Dressing the Part
28 Aug 2020

Dressing the Part

28 Aug 2020

Dressing the Part

By: Marta Olmos


I have always wanted to make one of those “getting dressed in the past” videos that are popular on YouTube, and at Minute Man I finally got to make this dream a reality! I was able to write, direct, and perform our new educational video, “Getting Dressed in 1775.” Before COVID changed park operations, I was planning on being in costume every day, so I was thoroughly excited at the chance to dress up again.

Walking around the garden during the filming of the video!

Wearing an 18th century gown

I had a lot of fun writing the script for the video. I wanted to address two themes: the different layers worn by women at the time, and the ways that clothing reflected the complexities of colonial identity. 18th century Massachusetts was both British and not-British, the result of over a century of cultural divergence. Colonial citizens were both proud of their place in the empire, and frustrated by it. These tensions can be seen in their clothing choices. One of the biggest manifestations of this complexity was fabric choice. The colonies had a long and complicated relationship with British fabric. Mercantilist policies favored British manufacturing and saw the colonies as a captive market for British goods. Legislation like the Wool Act of 1699 limited sales of textiles manufactured in the colonies and forced colonists to rely on British exports. These tensions continued throughout the colonial period, and contributed to the textile boycotts during the non-importation movement and the rise in homespun clothing.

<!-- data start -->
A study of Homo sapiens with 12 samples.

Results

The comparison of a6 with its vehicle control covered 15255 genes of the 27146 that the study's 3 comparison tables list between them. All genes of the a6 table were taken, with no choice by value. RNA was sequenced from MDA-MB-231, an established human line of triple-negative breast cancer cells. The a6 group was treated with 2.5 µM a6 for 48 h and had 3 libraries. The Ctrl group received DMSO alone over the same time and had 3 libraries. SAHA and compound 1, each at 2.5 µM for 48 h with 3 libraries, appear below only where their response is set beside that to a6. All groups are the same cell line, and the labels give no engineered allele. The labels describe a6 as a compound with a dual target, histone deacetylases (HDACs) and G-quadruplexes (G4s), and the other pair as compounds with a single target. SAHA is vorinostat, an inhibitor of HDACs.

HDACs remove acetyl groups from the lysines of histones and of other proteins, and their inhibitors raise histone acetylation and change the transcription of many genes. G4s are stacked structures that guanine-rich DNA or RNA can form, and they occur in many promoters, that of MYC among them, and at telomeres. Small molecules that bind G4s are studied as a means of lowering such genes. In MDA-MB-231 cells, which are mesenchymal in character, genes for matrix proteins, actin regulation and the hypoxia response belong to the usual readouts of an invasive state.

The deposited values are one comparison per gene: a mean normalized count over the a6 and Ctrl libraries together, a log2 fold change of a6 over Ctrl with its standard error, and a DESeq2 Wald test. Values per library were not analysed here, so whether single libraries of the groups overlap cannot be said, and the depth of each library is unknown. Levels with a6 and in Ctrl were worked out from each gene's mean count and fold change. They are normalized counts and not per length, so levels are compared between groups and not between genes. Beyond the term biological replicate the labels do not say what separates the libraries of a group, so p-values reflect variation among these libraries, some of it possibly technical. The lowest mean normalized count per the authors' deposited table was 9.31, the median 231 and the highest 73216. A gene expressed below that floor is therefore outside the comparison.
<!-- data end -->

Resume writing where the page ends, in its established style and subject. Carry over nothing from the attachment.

Pulling on silk stockings during filming

This project ended up being a lot more challenging than I initially imagined. I was responsible for the entire creative design of the project, which was something I had never done before. We ended up having to do a re-shoot because of technical errors, but ultimately I think the project was a success. It will be available on the website and on social media, as well as distributed in the park’s educational packets.